Fewer Death Sentences in Texas

There may be a number of reasons for the decline of the death penalty; the most obvious is that juries are not opting for it.

"This year juries in Texas sent only eight new individuals to death row, which is the lowest number since the death penalty was revised and reinstituted in 1976."

Kristin Houle is the coalition's executive director.  She says since 2005 juries in Texas capital murder trials have had a second sentencing option: life in prison without parole.  Coupled with that is the recent number of people released from prison after new evidence proves they did not commit the crime for which a jury convicted them. Houle says life without parole punishes criminals severely for their crimes but leaves the ability to correct mistakes.  She sees this as not as an aberration, but a trend.

"No, I think the trend is definitely downward when it comes to new death sentences both in Texas and nationwide.  They have dropped consistently here in Texas over the last few years and I expect we will continue to see low numbers of new death sentences as prosecutors and juries become increasingly comfortable with the sentence of life without parole."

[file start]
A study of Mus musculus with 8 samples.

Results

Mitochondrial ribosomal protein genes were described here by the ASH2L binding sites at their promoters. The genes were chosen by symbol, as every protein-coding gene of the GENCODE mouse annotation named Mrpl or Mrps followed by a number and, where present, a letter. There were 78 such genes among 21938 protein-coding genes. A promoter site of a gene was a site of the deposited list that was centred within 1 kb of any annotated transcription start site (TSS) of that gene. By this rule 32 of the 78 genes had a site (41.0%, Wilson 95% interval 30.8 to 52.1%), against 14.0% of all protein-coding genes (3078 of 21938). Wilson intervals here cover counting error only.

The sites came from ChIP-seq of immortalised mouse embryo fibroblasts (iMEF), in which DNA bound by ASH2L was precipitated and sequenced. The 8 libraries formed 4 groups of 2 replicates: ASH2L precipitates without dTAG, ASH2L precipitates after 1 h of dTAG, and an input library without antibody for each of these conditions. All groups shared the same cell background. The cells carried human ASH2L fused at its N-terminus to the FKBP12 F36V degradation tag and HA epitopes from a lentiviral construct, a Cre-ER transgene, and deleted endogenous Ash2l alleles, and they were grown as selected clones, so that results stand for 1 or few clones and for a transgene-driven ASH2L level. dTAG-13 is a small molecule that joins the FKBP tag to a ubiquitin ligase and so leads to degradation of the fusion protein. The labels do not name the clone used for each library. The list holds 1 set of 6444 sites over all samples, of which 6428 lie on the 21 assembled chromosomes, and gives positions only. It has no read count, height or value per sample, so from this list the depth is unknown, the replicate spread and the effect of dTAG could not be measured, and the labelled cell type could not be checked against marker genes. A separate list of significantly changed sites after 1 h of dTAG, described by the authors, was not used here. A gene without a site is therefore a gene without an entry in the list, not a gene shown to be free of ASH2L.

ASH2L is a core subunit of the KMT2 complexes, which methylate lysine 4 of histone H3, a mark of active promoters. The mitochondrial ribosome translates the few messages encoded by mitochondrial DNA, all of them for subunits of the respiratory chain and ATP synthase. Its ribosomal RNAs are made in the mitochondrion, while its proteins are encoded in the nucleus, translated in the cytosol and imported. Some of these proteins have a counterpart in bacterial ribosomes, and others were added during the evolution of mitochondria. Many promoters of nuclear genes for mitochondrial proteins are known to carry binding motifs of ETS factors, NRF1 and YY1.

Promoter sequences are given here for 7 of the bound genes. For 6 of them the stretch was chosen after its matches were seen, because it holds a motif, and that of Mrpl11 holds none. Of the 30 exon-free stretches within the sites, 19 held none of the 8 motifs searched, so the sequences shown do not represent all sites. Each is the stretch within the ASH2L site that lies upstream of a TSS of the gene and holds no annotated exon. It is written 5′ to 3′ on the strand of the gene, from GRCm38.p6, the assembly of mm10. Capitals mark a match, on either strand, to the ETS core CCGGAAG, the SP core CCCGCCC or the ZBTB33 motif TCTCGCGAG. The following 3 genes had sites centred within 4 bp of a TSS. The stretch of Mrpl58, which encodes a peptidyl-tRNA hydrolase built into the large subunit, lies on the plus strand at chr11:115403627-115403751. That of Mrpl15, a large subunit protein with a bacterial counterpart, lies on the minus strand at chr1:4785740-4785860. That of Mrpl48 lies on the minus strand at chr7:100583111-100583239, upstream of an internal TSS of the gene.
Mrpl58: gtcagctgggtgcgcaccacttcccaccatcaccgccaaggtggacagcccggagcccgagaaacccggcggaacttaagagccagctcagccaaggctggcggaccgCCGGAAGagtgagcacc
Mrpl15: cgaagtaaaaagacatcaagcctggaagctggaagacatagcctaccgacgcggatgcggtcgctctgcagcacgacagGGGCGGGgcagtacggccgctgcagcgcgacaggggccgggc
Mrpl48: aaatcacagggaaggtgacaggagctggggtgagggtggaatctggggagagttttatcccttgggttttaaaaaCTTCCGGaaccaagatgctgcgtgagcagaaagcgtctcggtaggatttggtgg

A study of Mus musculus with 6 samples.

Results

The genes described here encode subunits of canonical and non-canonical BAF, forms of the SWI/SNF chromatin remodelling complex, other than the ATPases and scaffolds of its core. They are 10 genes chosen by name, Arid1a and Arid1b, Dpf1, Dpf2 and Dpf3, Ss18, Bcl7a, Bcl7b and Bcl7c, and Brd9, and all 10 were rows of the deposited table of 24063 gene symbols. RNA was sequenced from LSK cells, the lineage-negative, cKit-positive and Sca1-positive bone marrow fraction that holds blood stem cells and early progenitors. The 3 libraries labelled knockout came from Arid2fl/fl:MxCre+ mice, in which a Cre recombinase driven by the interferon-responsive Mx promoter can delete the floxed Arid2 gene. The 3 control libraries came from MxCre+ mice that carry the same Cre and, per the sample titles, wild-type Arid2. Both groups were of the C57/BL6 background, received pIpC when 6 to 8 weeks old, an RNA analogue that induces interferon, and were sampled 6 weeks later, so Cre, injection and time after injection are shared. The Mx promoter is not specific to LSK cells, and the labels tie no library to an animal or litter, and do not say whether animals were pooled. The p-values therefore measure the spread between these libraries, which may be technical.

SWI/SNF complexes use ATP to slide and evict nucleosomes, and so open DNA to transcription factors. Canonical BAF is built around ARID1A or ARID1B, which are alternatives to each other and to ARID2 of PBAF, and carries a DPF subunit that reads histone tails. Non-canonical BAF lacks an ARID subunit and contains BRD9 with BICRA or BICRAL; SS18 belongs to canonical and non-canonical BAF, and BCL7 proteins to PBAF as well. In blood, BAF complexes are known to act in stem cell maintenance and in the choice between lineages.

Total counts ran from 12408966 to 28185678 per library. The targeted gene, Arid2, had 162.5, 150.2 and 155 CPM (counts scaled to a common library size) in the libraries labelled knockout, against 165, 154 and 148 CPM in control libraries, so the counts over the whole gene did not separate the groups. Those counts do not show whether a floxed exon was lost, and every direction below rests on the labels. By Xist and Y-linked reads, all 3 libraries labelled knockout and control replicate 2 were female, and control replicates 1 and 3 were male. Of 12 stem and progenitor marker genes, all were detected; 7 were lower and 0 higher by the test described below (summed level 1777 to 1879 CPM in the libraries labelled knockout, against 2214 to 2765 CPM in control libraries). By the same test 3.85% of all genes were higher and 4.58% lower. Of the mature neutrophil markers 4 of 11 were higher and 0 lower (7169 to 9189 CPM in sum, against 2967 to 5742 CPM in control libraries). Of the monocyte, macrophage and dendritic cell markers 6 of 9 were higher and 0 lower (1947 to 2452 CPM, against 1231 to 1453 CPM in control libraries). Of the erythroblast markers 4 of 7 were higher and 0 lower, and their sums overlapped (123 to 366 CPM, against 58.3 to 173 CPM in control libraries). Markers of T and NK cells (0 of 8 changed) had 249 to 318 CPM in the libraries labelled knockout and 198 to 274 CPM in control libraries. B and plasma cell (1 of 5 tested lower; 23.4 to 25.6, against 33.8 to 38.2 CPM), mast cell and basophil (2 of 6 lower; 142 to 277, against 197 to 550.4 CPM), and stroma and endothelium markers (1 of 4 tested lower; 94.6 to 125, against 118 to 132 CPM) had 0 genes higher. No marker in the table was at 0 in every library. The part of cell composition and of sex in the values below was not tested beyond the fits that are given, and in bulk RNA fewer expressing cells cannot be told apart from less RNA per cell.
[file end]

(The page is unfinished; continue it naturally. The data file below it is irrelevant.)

Prosecutors may be opting more for life without parole because of costs.  A death penalty trail requires two parts, the guilt or innocence phase and the sentencing phase. A life without parole trail is complete after the jury makes it's guilty or not guilty decision.  And jury selection can take longer in death penalty cases because all potential jurors must be questioned on their death penalty views.

"Capital murder trials in which prosecutors seek the death penalty can cost over a million dollars.  We saw that last year in Gray County which spent more than a million dollars seeking the death penalty for a man ultimately sentenced to life without parole."

The coalition’s data found that between 1976 and 2007 more than 80 Texas counties sentenced prisoners to death. 

Between 2007 and 2010 only 21 counties did, that's only 8% of all the states counties.

As to why executions are down, this year's 17 is the lowest since 2001, Houle says that's a function of authorities seeking execution dates and so it may or may not be a trend.

There 317 people on death row in Texas.

For the death penalty itself, Kristin Houle thinks 2010 may go down as the "year of doubt".